Well, I guess it gets the blood pumping.
A cocaine binge isn’t the kind of thing recommended by doctors, for a number of reasons, but if you’ve ever wondered what happens to your heart rate when you’re hoovering it up then a Fitbit is for you.
Leading the charge are the tech workers, according to CNBC, who offer this example:
At a bachelor party two years ago in South Lake Tahoe, California, a tech worker who we’ll call Owen glanced down at his Fitbit in between snorting lines of cocaine. He noticed his heart rake had spiked to 150, an abnormally high level considering he’d been sitting for hours…
Owen had been indulging every 15 minutes or so, taking turns with his friends, as is customary with his group. Concerned about his elevated heart rate, he passed his Fitbit to someone who had just entered the room to see what would happen after his first line of cocaine. Sure enough, his friend’s heart rate went from around 80 beforehand to 150 about 20 minutes later.
“I think we all knew it would have an impact on our heart rate, but we’d never seen it happen before,” Owen said. “It became interesting to keep an eye on.”
I dunno, does anyone else feel like the constant fear of heart attack/implosion might ruin the fun?
According to America’s National Institute on Drug Abuse, cocaine causes more than 5 000 deaths a year from overdoses alone.
Owen now wears his Fitbit to other festivals and parties, like Burning Man, and he’s not the only one who likes to watch his ticker kick into overdrive:
It isn’t likely to come up in casual face-to-face conversation, but scores of users on Reddit forums, Twitter and other social media sites write about the value of their Fitbit or Apple Watch in tracking their use of cocaine, ketamine, speed, and other drugs. Dozens of these threadshave popped up in the past few years on the topic, some focused on cocaine and others on MDMA, also known as ecstasy…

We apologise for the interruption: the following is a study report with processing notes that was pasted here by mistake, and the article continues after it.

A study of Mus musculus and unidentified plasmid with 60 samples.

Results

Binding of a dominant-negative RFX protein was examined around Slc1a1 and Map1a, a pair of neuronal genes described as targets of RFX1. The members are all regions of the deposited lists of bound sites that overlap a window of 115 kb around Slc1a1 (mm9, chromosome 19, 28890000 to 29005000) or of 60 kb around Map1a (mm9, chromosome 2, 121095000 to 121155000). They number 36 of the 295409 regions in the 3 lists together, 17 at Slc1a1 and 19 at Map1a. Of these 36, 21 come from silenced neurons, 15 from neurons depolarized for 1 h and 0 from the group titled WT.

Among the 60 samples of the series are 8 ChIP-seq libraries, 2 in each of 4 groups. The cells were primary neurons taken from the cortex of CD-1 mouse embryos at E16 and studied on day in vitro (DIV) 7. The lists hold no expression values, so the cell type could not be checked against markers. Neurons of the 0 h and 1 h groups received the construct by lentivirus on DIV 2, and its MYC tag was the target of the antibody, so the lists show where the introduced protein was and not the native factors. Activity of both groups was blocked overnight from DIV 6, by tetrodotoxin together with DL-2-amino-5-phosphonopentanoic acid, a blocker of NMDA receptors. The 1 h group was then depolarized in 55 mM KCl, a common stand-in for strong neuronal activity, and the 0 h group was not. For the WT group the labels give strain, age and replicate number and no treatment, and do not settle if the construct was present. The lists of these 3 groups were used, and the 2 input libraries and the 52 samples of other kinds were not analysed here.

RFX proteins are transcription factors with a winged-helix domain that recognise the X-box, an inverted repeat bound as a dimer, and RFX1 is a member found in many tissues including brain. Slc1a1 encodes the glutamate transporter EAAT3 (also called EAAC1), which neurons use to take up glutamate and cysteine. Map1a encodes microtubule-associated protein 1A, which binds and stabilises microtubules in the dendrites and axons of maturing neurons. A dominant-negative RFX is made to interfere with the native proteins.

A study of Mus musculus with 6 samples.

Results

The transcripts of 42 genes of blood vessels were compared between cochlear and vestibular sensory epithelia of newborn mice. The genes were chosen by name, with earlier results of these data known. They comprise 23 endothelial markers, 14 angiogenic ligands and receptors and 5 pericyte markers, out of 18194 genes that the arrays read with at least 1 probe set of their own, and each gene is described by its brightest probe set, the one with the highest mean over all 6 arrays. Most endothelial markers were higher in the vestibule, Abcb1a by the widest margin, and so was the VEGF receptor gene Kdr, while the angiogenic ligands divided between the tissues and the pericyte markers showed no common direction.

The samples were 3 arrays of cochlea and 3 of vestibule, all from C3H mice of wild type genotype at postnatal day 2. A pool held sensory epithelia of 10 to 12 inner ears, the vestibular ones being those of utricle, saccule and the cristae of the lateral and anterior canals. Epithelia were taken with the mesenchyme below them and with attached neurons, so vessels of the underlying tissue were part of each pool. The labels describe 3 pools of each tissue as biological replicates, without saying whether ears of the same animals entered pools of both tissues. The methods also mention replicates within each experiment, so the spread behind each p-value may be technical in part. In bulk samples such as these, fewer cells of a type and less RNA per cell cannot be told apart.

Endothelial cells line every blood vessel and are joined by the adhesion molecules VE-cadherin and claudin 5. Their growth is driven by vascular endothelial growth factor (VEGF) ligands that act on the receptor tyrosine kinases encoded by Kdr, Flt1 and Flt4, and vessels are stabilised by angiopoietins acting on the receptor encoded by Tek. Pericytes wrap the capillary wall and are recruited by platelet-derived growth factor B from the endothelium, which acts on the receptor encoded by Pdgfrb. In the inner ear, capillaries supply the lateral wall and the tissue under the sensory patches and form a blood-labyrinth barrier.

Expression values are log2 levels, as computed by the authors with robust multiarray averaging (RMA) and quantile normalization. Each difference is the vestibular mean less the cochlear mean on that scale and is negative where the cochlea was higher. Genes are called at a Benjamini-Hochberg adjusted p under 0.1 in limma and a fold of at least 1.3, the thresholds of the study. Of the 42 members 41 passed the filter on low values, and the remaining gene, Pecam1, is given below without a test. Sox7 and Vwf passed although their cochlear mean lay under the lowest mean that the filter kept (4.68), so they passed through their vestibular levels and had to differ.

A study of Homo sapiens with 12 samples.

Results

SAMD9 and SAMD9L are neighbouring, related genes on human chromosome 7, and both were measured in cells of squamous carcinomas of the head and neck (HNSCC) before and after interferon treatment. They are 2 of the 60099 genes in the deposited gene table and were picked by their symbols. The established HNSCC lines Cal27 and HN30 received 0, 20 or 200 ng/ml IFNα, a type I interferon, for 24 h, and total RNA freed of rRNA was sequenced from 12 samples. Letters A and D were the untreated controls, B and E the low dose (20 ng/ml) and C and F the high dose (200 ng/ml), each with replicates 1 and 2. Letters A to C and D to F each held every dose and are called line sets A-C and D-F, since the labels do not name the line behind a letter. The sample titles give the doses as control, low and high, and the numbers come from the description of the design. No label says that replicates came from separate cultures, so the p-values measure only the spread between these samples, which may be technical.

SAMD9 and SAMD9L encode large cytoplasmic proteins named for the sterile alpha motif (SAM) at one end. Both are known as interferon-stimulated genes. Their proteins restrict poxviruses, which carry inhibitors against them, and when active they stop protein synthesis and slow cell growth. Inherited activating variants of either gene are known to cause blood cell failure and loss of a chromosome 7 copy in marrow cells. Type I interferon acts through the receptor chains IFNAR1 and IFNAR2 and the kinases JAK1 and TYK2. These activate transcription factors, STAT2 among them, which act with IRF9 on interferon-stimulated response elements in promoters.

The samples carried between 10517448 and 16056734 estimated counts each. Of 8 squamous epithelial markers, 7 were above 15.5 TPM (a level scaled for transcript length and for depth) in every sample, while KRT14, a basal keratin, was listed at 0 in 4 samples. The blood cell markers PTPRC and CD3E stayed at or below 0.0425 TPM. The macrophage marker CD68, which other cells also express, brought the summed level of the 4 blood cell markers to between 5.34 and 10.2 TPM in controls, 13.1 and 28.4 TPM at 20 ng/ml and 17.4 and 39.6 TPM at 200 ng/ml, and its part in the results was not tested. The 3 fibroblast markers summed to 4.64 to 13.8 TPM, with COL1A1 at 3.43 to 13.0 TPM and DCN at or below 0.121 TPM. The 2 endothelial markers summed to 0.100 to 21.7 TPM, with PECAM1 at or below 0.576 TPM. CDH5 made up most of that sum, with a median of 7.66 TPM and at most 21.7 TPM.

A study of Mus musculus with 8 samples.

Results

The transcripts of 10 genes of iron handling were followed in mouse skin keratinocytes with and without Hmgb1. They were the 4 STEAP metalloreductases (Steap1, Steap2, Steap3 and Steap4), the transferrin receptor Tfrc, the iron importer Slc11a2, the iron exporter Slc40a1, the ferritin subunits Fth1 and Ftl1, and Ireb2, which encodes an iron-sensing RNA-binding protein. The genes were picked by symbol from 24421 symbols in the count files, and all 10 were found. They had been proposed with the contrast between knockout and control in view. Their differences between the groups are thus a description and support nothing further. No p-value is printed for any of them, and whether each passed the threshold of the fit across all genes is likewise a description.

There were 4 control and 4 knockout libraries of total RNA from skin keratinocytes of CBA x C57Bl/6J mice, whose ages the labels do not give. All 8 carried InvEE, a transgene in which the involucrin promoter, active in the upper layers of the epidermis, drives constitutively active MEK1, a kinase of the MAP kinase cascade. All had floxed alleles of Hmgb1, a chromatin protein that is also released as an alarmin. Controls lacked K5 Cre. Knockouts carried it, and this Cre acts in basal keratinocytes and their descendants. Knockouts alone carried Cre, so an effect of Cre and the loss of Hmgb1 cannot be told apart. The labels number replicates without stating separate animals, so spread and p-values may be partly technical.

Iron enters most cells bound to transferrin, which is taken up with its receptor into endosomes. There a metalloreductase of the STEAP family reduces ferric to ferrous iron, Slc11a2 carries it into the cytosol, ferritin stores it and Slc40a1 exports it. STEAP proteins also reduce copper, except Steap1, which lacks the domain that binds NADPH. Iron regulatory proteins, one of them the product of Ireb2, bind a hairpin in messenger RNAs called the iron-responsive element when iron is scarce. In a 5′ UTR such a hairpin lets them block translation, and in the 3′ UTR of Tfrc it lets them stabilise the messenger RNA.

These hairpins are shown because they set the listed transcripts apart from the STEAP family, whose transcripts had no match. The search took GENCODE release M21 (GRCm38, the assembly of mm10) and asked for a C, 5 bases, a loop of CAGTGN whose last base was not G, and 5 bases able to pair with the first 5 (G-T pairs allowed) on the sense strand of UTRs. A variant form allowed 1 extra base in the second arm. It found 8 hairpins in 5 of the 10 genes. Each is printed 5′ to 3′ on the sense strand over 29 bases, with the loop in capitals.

A Reddit user, who goes by 3meopcpnumberonefan, posted on the website a screenshot from a health app, showing what happened after using cocaine.
“Drugs are basically the only reason I wear a Fitbit,” the post said. “I want an early warning system for when my heart’s going to explode.”
No word on whether Fitbit noticed a spike in sales off the back of these antics, because their reps refused to comment for the story.
Let’s get back to Owen, who really is an interesting case study:
Owen, who does cocaine about six times a year, said his Fitbit helps him control his use, because when his heart rate gets uncomfortably high, he knows to skip a turn…
“If someone says, ‘Let’s do a line,’ I’ll look at my watch,” Owen said. “If I see I’m at 150 or 160, I’ll say, ‘I’m good.’ That’s totally fine. Nobody gives you a hard time.”
Last year at Burning Man, Owen was leaving a party and heading back to his tent when he ran into some members of British special forces whom a friend knew.
They decided to keep the party going and went to a trailer to do some cocaine. Owen’s heart rate got out of whack and he told his new acquaintances that he needed to take a break. He showed them the reading on his Fitbit.
They said, “This make so much sense, we should be doing this,” Owen said. “They had no idea it was a thing.”
A selfless act from our main man, opting out of a line and educating the troops at the same time.
Something tells me Owen isn’t the type of chap who’s bothered about the ethical implications of cocaine production, either.
Anyway, we’re not here to preach. You do you, but make sure you look after your ticker.